Custom Color LCD Display Module – FSC Display vs TFT

The newest color technology is called Field Sequential Color or FSC LCD display which provides a custom color LCD display low-cost solution.

Above is a photo of a TFT vs. FSC

FSC LCD’s are a uniquely different color technology. They are not a replacement for OLED’s or TFT’s because they do not display video or high resolution photos.

So, what good are they?

FSC’s fit a niche in the growing market of custom color LCD display modules.

Henry Ford meets Burger King -When Henry Ford built his first car, he told his customers they could have any color car they wanted as long as it was black. Car manufacturers now offer multiple options to their consumers. The customer can choose their paint color, interior color, automatic or manual transmission, even heated seats.

Have it your way. So why not offer the same option to customers who want color displays? The FSC display does just that.

In the past, OEM designers were restricted to standard size color displays set by the OLED or TFT manufacturer. FSC technology removes this constraint and at a surprisingly low cost.

FSC color displays take the single color offered by static/segmented display and add seven additional colors. The attached Youtube link shows a video of the display as it changes colors. (http://www.youtube.com/watch?v=ukjAre1QG1s )

Customers choose which icons they want on their display, the dimensions of the glass, and receive a customized solution.

How does this new technology work? FSC LCD Displays implement an RGB backlight to display brilliant bright colors. The colors are brighter then other displays because there is no filter.

The lack of filter allows a darker black positive mode (dark letters on a light background) and a brighter white negative mode (light colored letters on a dark background)..

Each segment can display any of seven different colors. The color change is controlled through the customer’s software/firmware.

Five steps to your own custom color LCD display module

  1. Create a drawing that includes the size of the glass,the icons and segments you want. The icons and segments can be placed on the drawing to show an approximate location. Here is a link to our engineering support page. Call us if you need support with your designs.
  2. After you submit your drawing, you will recevie a counter drawing (A cad drawing showing the exact dimensions of the display) within three to five business days.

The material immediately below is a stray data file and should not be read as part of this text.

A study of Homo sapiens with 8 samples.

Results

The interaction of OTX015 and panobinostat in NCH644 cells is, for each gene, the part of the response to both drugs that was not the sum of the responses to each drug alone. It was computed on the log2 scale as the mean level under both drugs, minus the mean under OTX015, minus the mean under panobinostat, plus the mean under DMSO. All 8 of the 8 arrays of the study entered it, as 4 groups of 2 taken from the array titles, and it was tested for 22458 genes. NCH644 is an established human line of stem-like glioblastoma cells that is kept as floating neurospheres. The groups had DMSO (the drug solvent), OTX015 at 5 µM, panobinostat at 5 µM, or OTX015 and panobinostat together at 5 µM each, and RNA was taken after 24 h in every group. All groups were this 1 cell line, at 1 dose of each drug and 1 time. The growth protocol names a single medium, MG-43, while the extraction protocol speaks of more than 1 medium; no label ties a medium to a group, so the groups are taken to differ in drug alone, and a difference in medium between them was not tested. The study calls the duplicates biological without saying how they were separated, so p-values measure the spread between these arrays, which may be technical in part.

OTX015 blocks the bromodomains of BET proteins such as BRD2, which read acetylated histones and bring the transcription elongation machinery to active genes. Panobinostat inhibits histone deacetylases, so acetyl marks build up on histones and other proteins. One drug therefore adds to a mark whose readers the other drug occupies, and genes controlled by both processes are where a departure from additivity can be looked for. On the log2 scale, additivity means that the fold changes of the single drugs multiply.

3. Choose your interface, serial or parallel. The display contains a built in controller driver IC that allows operation in either mode.
  4. Choose a mpu for your product. The FSC module does not require a large processor to drive the unit.
  5. After you approve the counter drawing and submit the one time tooling fee, you will recevie samples in 5 to 7 weeks.

What is the difference between a FSC color display and a segmet/static display?

  • The FSC display provides seven colors plus the background color. The static display only offers one color.
  • The FSC allows the OEM’s software to change the color of each segment. The static does not have this option.
  • FSC includes a controller/driver chip to replace the need for multiple pins or multiplexing. This reduces the number of pins necessary on your mpu.

Advantages of FSC over OLED and TFT include:

  • Lower cost
  • The display is customized to the size the customer needs.
  • Requires a less expensive microprocessor to drive the display.
  • Low MOQ (Minimum Order Quantity. This is the number of displays that you would need to purchase at one time.) of 500 displays.

Disadvantages of FSC:

  • You are limited to seven colors and not thousands.
  • At this time the max size of the display is 7 inches.
  • Cannot display video

Color LCD summary

  • If you must have color and need video or very high resolution, then choose TFT or OLED.
  • If you need a custom color display and you do not need thousands of different colors then FSC is your best choice.
  • If you can do without color and need very lost cost and low power usage, stay tuned for the next article on monochrome (non-color) displays.